Acupuncture is a system of medicine developed in China over 2500 years ago. The practice of acupuncture stimulates your body’s own healing abilities by balancing your energy. This energy is called “qi” (pronounced chee). It flows along a network of pathways called meridians. There are specific points on the meridian where the qi accumulates, called acupoints. The acupoints are typically stimulated using fine acupuncture needles in specific combinations that are clinically proven effective. According to acupuncture theory, disease and pain are the result of an imbalance of energy in one or more of the meridians. The meridians are related to specific internal functions that are identified by anatomical units such as the kidney, heart, liver, lung and spleen. The organs in Chinese medicine represent complex functions rather than structures, and by regulating the flow of qi, acupuncture helps restore balance to the body. The philosophy of Chinese medicine is to help the human body reach a state of balance and equilibrium through this manipulation
When the body’s energy is balanced, its own healing potential is maximized. Acupuncture is recognized by the National Institute of Health as a useful adjunct treatment or an acceptable alternative treatment to be included in a comprehensive health management program. According to the NIH consensus statements, acupuncture is recognized as an effective treatment for adult post-operative, chemotherapy nausea and vomiting and post operative dental pain. Acupuncture is also an effective adjunct treatment for addiction, stroke rehabilitation, headache, menstrual cramps, tennis elbow, fibromyalgia, myofascial pain, osteoarthritis, low back pain, carpel tunnel syndrome and asthma.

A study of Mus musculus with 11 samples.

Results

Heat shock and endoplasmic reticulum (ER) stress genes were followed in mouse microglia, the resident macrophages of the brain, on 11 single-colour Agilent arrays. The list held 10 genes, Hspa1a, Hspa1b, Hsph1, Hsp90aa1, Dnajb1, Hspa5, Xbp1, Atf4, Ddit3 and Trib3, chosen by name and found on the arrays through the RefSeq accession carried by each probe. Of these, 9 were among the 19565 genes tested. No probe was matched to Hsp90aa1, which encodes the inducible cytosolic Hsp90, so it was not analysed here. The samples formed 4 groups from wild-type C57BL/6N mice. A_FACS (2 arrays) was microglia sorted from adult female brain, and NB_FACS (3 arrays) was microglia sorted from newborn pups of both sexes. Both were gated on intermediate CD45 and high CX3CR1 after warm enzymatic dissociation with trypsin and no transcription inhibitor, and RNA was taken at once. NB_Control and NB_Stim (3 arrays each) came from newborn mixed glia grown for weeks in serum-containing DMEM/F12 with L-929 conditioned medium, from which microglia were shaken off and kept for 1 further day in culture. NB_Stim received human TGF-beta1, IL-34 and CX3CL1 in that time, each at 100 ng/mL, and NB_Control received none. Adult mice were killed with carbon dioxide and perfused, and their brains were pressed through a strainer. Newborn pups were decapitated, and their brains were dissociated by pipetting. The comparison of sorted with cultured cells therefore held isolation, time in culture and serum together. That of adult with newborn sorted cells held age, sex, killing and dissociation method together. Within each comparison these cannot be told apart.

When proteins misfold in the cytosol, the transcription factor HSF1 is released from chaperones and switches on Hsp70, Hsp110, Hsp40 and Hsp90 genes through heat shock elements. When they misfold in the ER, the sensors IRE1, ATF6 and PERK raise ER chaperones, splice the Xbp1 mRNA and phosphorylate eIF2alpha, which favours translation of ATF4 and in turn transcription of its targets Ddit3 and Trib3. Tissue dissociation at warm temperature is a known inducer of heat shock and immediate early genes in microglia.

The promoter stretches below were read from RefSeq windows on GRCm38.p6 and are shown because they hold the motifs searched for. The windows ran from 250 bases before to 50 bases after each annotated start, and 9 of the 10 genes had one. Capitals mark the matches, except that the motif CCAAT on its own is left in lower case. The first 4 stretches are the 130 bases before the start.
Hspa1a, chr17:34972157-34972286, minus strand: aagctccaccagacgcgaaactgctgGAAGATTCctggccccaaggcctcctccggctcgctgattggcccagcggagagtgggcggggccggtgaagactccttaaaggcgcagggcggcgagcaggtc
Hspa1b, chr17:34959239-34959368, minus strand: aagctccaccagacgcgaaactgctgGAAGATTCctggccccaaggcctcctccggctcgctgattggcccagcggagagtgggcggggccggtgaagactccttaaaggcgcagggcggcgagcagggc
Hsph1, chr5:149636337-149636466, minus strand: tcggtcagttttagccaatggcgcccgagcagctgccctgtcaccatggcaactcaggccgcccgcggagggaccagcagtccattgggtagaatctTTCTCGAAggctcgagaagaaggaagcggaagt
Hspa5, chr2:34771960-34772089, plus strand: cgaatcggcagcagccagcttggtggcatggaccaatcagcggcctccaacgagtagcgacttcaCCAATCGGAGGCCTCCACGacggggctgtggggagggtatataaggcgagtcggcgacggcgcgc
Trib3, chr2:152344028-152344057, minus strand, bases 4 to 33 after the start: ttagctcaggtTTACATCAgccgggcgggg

What you can expect: You will have very thin sterile disposable needles inserted into points on the appropriate meridians. Typically you will feel nothing or you may feel a slight pinch, followed by a warm, heavy sensation. The needles remain in the body for ten to thirty minutes. During the treatment most patients feel very relaxed and often fall asleep. Symptomatic relief may occur immediately or resolution of symptoms may take longer, depending on the severity and persistence of the condition. Acupuncture treatments affect the body differently than conventional Western treatments. The acupuncture treatments are building blocks, building upon the previous session, so a more balanced state gradually becomes the norm.
"What’s that smell?" Other traditional Chineses Medicine provided at VCM include:
Moxabustion : involves burning the leaves of the mugwort plant to help balance your qi
and stimulate healing. You may smell the herb in the halls of the VCM clinic from time to time.
Chinese Cupping: techniques use suction cups applied to an area of pain or injury to move stagnation to the surface of the skin and enhance healing. They may be placed in a stationary position over painful or tight muscles or your practitioner may slide the cups along a larger area using lotion or oil. You may have markings over the treated area. The more injury sustained to an area, the darker the marks may be and can be visible for 1-2 days, but on occasion up to 1 week. The treatment should be repeated once the marks disappear, until the area “cups clean” and no more markings appear.